Florida Hospital Orlando's outpatient pharmacy filled three times as many prescriptions during the Hurricane Irma weekend as it does on regular weekends.
The pharmacy turned out to be one of the few, if not the only one, remaining open in Central Florida before and after the hurricane.
"We had a number of patients who thought their local pharmacy was open [on Sunday], and when they found out that it wasn't, they started asking around and eventually found us," said Howard Smith, director of outpatient pharmacy department at Florida Hospital.
The pharmacy, perched beside the gift shop in the lobby of Florida Hospital's Ginsburg Tower in downtown Orlando, ended up filling close to 200 prescriptions Sunday, three times its usual volume.
"We hadn't anticipated that much demand," Smith said.
Florida Hospital officials had decided to keep one outpatient pharmacy open during the hurricane because they knew the facility had generator power and predicted that many other pharmacies would be closed.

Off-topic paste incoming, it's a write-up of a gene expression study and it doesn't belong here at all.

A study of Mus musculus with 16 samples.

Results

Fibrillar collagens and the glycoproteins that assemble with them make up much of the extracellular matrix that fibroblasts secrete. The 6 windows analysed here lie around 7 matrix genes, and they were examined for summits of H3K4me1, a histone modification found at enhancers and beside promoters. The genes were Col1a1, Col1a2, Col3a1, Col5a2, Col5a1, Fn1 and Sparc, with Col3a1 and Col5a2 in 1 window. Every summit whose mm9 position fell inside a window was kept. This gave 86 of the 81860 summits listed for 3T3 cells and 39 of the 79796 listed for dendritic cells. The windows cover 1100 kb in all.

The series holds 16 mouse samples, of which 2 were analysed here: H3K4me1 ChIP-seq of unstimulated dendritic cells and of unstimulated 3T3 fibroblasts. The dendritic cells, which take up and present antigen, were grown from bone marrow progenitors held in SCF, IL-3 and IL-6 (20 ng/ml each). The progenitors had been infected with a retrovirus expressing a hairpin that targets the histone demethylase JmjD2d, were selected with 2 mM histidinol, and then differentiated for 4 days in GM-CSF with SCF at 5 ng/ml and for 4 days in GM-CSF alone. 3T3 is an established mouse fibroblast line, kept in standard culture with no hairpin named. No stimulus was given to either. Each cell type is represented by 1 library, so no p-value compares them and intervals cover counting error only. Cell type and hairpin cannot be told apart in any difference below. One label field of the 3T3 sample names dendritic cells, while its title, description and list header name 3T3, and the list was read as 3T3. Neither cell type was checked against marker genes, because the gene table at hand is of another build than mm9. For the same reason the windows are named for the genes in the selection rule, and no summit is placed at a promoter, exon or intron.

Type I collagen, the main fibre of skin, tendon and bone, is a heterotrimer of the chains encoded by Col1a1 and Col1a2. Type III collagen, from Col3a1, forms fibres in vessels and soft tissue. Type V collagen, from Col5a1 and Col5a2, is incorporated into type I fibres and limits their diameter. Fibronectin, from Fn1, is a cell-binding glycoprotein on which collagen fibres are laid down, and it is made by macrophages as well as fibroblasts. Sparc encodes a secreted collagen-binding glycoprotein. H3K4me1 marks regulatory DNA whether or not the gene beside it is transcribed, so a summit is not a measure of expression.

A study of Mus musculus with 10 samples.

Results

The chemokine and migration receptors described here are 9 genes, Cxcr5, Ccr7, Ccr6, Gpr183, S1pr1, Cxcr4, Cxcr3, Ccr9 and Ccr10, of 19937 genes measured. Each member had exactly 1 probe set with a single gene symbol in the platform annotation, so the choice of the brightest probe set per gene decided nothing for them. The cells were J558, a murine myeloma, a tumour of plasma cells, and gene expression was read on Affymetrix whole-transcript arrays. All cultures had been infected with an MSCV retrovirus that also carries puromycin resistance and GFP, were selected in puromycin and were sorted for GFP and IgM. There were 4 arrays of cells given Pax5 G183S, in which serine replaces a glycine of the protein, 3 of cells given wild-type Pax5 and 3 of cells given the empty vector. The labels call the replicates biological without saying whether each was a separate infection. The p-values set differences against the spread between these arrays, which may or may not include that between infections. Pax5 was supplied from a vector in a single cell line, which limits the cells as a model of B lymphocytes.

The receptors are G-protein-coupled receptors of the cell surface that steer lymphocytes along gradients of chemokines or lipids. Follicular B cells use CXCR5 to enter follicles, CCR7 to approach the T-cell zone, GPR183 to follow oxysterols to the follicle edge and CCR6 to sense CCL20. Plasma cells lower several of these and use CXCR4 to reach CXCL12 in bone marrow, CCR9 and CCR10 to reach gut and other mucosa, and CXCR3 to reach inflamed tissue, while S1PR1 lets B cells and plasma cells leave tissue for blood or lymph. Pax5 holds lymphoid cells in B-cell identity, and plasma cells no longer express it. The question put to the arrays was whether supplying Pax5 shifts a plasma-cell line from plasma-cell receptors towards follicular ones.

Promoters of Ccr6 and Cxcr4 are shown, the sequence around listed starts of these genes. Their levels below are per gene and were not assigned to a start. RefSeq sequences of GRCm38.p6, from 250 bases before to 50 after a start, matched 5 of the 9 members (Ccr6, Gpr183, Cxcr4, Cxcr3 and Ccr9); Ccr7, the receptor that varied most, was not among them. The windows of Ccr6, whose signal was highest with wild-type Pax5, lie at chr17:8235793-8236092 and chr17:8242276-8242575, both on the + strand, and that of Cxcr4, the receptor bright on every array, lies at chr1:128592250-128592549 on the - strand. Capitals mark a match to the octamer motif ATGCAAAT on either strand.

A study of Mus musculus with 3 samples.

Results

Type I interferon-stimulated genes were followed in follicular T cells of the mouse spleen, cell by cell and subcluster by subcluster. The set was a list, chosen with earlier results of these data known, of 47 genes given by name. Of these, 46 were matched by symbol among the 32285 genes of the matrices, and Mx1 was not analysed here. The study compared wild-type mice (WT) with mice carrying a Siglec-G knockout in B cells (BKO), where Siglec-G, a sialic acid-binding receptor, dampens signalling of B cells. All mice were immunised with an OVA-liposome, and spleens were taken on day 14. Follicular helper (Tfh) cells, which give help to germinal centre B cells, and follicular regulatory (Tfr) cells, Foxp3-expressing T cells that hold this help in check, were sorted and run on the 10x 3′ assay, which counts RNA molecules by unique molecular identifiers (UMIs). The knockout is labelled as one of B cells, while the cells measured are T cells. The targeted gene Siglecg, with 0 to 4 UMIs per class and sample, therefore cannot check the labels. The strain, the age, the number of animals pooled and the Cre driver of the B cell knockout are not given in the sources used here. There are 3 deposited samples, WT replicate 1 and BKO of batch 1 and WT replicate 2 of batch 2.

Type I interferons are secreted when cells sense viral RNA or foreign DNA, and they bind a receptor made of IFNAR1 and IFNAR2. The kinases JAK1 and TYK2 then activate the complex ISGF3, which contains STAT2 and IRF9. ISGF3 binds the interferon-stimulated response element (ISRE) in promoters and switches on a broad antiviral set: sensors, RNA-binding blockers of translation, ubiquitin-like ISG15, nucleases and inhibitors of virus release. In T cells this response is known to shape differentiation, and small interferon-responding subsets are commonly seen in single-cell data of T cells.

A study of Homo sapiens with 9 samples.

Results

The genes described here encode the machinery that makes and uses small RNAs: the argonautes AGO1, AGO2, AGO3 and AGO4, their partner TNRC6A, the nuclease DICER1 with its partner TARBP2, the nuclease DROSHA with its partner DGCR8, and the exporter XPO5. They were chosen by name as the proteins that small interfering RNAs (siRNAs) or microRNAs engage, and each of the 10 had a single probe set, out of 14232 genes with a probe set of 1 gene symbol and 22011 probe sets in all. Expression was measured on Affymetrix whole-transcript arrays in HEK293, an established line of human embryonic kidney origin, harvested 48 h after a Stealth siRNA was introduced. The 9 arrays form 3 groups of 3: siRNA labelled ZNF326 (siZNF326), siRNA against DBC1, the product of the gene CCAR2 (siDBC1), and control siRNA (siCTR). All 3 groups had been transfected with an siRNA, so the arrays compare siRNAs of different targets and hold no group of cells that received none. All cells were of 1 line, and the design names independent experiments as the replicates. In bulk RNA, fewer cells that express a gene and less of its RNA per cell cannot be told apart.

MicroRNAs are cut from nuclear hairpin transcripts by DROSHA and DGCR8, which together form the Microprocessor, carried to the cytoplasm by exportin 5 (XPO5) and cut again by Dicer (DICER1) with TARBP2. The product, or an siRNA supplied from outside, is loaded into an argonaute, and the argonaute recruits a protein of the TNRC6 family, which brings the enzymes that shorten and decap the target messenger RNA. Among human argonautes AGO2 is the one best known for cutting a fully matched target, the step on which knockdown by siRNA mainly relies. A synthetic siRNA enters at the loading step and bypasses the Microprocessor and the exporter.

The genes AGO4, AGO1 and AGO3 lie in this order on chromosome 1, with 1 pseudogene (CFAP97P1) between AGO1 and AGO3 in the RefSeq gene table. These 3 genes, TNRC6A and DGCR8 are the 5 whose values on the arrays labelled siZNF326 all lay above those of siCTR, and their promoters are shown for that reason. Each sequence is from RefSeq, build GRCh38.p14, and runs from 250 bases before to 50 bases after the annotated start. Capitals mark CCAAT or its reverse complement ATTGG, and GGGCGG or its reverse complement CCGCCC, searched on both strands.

By Sunday, Smith had to bring two additional staff on board and extend the pharmacy hours to meet demand.
Patients drove from near and far — Winter Springs, Altamonte and Kissimmee — to get their prescriptions filled. Some came in with their pharmacy bottles to get refills and got a three-day supply of medication to tide them over until their own pharmacy opened.
"We had people who were using our hospital telemedicine services and needed to fill their prescriptions," Smith said. And there were patients who had left an ER and needed their medications.
By Monday, the pharmacy started running low on inventory, so it gave patients partial supply of medications.
"We had somewhat of a similar situation with Matthew, but this is the first time we've had something like this happen in the 10 years I've been here," said Smith.
To Smith, this is yet another lesson in emergency planning for events like hurricanes, and it highlights the role of hospital outpatient pharmacies when most other businesses are closed for safety of their staff.
"This just shows that health systems that have outpatient pharmacies could plan accordingly" for events like hurricanes, said Smith.